Why you should care
Because she’s Ivanka Trump’s Senate point person.
When colleagues tell Deb Fischer they’d love to visit her ranch sometime, she is skeptical. Sure, the Nebraska Sand Hills appear lovely and bucolic, but Fischer tells those people: “You should come out in January, when it’s 10 below zero, and chop ice with our kids.” That’s their morning ritual, to break the frozen top layer of the ranch’s water tanks, so the cattle can drink.
Honestly? Fischer has never done the numbing labor herself, she admits. The deep freeze she’s trying to crack is more difficult: gender politics in the United States Senate. The poised 66-year-old delayed her own political career for motherhood and is now trying to make her name as the conservative voice shouting for family-friendly policies on the Hill. The tough-mom vibe is all part of the story.
Fischer, née Strobel, grew up in Lincoln, the daughter of a schoolteacher and an engineer who later became director of the state roads department. In 1972, before finishing college, she married Bruce Fischer, who moved her out to his family’s massive ranch, 300 miles to the northwest. It was gorgeous but lonely; Fischer tended a garden and a brood of three sons. A retiring senator asked her to run for office while the boys were in school, but she declined, instead serving on the school board, where she worked on distance-learning programs for rural kids. Once her own were grown, she ran for state senate in 2004, winning her first race by 128 votes to represent a sparsely populated district the size of New Jersey.
She cites the need for relief for an hourly worker…but never neglects business owners’ concerns.
In Lincoln’s unicameral legislature, Fischer became known as tough, conservative and a good listener. Then-speaker Mike Flood says Fischer’s nickname was “The General,” for her acuity at whipping votes. She willed through a law to earmark a quarter-cent of the state sales tax for new road construction, a feat Flood considered unlikely at first.
Term-limited out of the legislature, Fischer ran for an open U.S. Senate seat in 2012 as an underdog in a Republican primary against two statewide officeholders. The men spent most of their time attacking each other, and Fischer scored a narrow win thanks in part to an avalanche of outside money pounding establishment favorite Attorney General Jon Bruning — and an endorsement from Sarah Palin. In the general election, Democratic former U.S. Sen. Bob Kerrey attacked Fischer for ranch-related controversies: a nasty property dispute with a neighbor and using a federal program for the Fischer cattle to graze on federal land for low rates. She won by 16 percentage points.
So far, Fischer lacks a signature achievement in the gridlocked Senate, but she now finds herself at the front lines of the “war on women.” Nationwide, women voted for Hillary Clinton last year by a 12-point margin, according to national exit polls. Donald Trump’s piggish leaked Access Hollywood tape, in which he boasted of committing sexual assault, didn’t help. Fischer denounced Trump afterward and said he should quit the race, but days later reversed course and said she would still vote for him. Bottom line: “There was no way that I could support Hillary Clinton,” she says. And now? “I think he’s doing a great job.” She cites his demolition of environmental regulations loathed by farmers and ranchers on stream pollution, and she favors Trump’s SCOTUS pick, Neil Gorsuch.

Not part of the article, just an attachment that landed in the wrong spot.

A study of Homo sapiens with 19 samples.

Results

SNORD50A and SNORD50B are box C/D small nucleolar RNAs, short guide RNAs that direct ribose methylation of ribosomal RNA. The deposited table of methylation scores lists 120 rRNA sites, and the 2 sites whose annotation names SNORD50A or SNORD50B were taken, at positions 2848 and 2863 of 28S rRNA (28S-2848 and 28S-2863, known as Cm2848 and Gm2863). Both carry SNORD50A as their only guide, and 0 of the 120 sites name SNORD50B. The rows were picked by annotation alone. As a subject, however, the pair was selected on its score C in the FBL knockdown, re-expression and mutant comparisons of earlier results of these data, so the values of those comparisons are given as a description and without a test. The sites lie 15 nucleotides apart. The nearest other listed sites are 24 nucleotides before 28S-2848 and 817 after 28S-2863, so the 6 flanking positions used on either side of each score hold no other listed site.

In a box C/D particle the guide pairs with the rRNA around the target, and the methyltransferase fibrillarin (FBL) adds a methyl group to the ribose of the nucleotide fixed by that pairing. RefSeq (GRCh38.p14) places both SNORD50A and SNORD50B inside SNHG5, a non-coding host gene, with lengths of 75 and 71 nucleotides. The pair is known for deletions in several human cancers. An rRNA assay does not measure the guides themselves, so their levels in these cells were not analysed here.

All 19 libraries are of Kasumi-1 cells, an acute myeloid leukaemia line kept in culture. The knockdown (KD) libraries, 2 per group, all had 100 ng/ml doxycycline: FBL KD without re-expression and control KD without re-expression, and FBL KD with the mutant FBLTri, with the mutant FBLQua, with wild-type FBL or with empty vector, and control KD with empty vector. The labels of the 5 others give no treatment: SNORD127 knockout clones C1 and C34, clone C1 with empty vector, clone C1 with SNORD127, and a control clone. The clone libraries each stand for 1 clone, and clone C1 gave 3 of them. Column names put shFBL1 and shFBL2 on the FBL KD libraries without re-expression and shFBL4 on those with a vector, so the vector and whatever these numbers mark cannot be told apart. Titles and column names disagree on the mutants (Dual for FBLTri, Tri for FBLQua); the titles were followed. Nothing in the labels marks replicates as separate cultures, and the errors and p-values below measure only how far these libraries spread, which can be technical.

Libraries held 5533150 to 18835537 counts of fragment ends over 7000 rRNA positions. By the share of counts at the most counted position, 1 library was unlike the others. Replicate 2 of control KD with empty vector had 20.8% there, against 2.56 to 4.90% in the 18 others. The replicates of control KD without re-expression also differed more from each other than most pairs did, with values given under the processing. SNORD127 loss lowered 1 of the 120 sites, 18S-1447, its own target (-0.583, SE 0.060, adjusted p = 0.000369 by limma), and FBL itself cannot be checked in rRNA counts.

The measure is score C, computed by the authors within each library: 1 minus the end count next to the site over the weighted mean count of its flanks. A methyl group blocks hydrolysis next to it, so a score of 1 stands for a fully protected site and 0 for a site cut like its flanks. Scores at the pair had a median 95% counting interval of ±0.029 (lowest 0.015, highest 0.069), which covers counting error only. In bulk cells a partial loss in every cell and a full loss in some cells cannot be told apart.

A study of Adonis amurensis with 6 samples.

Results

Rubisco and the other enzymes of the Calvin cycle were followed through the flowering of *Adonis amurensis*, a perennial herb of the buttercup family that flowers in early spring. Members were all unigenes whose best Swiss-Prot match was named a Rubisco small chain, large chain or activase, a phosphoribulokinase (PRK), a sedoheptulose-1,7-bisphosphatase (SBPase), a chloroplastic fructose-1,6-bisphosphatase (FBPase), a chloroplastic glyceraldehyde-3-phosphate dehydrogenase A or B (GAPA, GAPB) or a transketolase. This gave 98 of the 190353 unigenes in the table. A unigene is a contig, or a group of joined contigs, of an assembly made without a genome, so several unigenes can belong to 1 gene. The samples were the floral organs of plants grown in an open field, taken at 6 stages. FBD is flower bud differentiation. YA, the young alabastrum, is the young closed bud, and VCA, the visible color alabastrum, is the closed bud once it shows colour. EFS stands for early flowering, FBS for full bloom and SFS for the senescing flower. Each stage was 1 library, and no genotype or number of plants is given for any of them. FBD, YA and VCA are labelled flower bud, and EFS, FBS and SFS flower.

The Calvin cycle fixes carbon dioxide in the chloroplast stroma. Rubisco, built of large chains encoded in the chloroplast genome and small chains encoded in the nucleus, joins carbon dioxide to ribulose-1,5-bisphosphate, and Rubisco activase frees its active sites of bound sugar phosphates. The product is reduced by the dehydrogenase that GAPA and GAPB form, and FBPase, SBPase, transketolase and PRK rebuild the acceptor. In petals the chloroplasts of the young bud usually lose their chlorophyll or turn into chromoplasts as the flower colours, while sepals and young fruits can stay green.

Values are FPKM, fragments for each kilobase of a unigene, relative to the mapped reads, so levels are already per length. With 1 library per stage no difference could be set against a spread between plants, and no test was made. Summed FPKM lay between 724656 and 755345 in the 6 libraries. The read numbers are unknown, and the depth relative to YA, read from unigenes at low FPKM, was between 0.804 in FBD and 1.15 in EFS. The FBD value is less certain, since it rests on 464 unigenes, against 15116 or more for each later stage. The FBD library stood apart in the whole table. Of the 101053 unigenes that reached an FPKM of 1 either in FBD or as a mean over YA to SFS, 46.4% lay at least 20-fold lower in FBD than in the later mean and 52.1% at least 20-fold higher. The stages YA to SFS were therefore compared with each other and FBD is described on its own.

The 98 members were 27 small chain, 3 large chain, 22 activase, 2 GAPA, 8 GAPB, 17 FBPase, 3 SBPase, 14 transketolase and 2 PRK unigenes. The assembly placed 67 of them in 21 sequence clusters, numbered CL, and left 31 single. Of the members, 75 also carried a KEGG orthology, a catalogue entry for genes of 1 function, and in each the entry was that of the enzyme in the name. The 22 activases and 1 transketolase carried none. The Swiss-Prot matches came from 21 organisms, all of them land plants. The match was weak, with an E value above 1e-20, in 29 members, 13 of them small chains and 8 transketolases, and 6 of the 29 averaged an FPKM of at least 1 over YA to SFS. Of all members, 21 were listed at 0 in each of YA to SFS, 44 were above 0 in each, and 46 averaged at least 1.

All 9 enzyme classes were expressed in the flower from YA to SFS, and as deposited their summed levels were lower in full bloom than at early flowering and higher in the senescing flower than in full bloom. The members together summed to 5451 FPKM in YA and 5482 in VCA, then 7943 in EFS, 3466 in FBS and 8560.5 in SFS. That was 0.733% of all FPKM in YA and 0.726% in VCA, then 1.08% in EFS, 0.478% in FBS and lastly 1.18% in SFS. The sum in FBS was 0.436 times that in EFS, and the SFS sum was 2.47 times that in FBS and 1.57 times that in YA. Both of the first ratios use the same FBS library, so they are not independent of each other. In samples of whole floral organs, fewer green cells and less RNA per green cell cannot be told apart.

Paul Landow, a University of Nebraska Omaha political scientist and veteran of Democratic politics, says the flip-flop earned Fischer sharp backlash. Her fellow Nebraska Republican senator, Ben Sasse, was a leader of the “Never Trump” brigade and still is suffering among the GOP base. But Landow says Fischer doesn’t need to worry about her reelection race next year.
Fischer says the Senate itself nurses scars from 2016. The 21 female senators are clubby. “We don’t pick at each other,” Fischer tells OZY in her Washington office, where visitors are greeted by a goldendoodle puppy. While she laments how cross-party relationships have deteriorated even over her single term, Fischer has worked closely with Sen. Angus King of Maine, an Independent who caucuses with Democrats, to push a tax credit to businesses that give at least two weeks of family leave to their employees. Fischer is also promoting a bill that would prevent companies from retaliating against employees who discuss their salaries to determine whether the company is doling out “equal pay for equal work.”
Democrats would prefer something stronger, such as 12 weeks of mandatory paid leave or allowing women to sue for punitive damages for wage discrimination. Trump proposed a six-week maternity leave mandate during the campaign. King and Fischer argue a half-measure beats nothing — and with Republicans running the show, mandates are out. But activist groups say Fischer’s bills are so narrow as to be almost meaningless. They seem “designed to score political points without actually making a material difference in the lives of most working women,” says Vivien Labaton, cofounder of Make It Work Action. “And by that calculus, it’s not worth it.”
While Ivanka Trump’s big Republican National Convention speech cribbed Democratic talking points about the gender pay gap, Fischer’s rhetoric melds her tough-mom aesthetic with equal-opportunity empathy. She cites the need for relief for an hourly worker who “has to take off to take their kid to the doctor or make sure that their mother’s OK,” but never neglects business owners’ concerns. “These are mom-and-pops that if we mandate any kind of paid family leave, they might have to let an employee go,” she says. Her strategy, for now: Keep putting pressure on her fellow senators by speaking out in public and reminding them that this steely ranch mom just might provide the only way to break the ice.